Homicide detectives crowd around the desk of Det. Damon Talley as he pores over surveillance footage of the Sept. 21, 2015 fatal shooting of Kevin Cannady, 29. The conviction and life sentence of the man charged with killing Cannady was overturned this week by a Maryland appeals court.
Homicide detectives crowd around the desk of Det. Damon Talley as he pores over surveillance footage of the Sept. 21, 2015 fatal shooting of Kevin Cannady, 29. The conviction and life sentence of the man charged with killing Cannady was overturned this week by a Maryland appeals court. (Justin Fenton / Baltimore Sun)

A Maryland appeals court has overturned a Baltimore man’s 2017 murder conviction, saying the prosecution used hearsay testimony and relied on a questionable DNA testing method to bolster an otherwise “lackluster" case short on evidence.

The investigation into the death of Kevin Cassady had been chronicled from behind the scenes in The Baltimore Sun’s “Chasing a Killer” series in 2015. Prosecutors alleged that Delvonta Morten shot Cannady execution-style in broad daylight on a street corner in Northwest Baltimore. They said he could be seen wearing a black, hooded sweatshirt on surveillance video before the killing, and that his DNA was found on the gun that was used.


Judge Charles Moylan wrote the majority opinion and was particularly derisive of the prosecution’s case, subtitling one section, “Hearsay To The Rescue, Ostensibly.”

“The bare bones of the State’s legally insufficient case, however, were soon fleshed out by three rapid-fire infusions of hearsay evidence,” Moyland wrote. Without the hearsay evidence and questionable DNA, the state had no case, he wrote.

“But for wearing a hoodie, there was no linkage between the appellant and the shooting. There was absolutely no linkage between the appellant and the revolver found in a backyard in the alley,” Moylan wrote. If the faulty evidence had been excluded from trial, as it should have been, the judge wrote, “The appellant would have walked.”

Zy Richardson, a spokeswoman for the Baltimore State’s Attorney Marilyn Mosby, said her office would review the decision to see whether it will appeal.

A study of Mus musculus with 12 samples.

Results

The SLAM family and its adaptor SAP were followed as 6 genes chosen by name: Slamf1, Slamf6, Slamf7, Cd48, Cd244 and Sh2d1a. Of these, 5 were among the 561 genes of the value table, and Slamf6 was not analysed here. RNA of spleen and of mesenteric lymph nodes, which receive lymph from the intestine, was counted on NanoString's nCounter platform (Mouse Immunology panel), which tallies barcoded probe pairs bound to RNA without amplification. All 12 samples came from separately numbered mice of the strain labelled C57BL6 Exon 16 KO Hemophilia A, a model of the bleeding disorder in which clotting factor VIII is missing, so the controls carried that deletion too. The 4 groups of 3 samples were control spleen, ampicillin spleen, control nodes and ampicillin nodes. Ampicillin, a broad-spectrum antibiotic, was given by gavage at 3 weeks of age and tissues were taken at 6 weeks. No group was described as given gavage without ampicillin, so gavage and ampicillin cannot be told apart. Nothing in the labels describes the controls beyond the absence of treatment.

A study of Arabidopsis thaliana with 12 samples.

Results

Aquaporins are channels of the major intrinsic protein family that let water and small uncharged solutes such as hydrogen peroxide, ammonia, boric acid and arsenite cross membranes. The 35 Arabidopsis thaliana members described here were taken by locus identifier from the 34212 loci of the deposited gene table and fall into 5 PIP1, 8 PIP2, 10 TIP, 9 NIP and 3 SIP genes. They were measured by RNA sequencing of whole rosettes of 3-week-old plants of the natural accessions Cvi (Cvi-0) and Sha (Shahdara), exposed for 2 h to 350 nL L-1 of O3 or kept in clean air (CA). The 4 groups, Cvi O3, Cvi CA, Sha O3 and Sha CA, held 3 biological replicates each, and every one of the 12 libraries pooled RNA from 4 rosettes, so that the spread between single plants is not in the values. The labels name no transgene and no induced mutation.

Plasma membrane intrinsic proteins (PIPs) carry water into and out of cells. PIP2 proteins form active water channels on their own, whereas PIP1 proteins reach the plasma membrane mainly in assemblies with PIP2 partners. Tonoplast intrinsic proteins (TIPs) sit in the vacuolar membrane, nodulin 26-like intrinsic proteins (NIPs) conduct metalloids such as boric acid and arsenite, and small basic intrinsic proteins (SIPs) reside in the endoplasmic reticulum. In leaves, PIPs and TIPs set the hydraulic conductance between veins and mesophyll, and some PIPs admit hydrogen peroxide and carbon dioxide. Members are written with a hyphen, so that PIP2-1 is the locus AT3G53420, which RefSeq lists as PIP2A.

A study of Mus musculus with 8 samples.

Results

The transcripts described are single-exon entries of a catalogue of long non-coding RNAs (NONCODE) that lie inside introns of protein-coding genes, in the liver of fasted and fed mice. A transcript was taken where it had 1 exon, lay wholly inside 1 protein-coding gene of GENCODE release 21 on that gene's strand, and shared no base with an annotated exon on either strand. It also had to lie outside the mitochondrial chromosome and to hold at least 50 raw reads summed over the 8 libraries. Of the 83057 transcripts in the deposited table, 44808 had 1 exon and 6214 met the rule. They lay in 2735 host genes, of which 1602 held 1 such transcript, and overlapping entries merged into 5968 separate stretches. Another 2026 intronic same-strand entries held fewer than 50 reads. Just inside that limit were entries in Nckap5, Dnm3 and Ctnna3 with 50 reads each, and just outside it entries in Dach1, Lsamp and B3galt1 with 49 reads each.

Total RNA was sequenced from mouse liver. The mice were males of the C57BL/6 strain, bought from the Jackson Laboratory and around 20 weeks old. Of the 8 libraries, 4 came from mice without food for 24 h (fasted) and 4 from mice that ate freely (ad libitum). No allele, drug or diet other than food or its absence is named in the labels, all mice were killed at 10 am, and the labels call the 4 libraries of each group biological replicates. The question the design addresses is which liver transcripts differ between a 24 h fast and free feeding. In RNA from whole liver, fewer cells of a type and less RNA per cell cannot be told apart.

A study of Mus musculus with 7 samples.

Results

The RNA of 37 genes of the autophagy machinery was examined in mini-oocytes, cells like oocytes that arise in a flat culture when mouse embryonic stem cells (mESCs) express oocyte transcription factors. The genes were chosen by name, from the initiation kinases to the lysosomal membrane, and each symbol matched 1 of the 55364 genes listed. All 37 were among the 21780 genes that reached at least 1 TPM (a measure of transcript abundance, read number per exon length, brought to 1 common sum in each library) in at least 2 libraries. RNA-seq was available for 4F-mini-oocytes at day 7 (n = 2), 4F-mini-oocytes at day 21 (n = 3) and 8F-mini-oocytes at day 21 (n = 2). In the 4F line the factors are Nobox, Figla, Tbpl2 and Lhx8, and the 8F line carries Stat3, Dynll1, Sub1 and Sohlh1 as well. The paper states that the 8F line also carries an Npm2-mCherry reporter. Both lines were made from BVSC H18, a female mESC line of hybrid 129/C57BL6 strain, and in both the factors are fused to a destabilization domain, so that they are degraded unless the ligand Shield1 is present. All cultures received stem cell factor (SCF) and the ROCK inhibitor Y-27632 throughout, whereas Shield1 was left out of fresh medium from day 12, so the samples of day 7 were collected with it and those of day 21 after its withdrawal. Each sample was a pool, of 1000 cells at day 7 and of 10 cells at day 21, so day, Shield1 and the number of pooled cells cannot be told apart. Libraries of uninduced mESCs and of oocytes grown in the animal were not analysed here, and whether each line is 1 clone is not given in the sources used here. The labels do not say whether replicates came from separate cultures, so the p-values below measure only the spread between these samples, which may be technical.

The appeals court decision was equally critical of Circuit Judge Melissa Phinn for refusing to allow defense attorneys to fully cross-examine a witness about the DNA method used in the case. It is one typically applied when there is only a small amount of material to examine.

“We hold that the appellant was at two or three critical junctions erroneously prohibited from challenging the TrueAllele test results that linked him to the ostensible murder weapon,” the appeals court wrote.

The case was sent back to Baltimore City Circuit Court for new hearings and likely a new trial.

Phinn sentenced Morten in 2017 to life plus 35 years in the September 2015 killing of Cannady, 29. Morten was convicted of shooting Cannady execution-style in broad daylight on a Northwest Baltimore street corner.

After the verdict, Morten’s defense attorneys asked Phinn for a new trial, saying she had wrongly prohibited them from challenging DNA evidence. Public defender Kelly Swanston also said she had provided ineffective counsel because she did not ask that jurors be questioned more closely about whether they had read Sun coverage of the case.

Only the DNA issue was brought up on appeal.

Morten asserted his innocence when given a chance to speak before sentencing.

“My attorney failed to prove my innocence,” he said. “I do believe I didn’t have a fair trial due to the newspaper article.”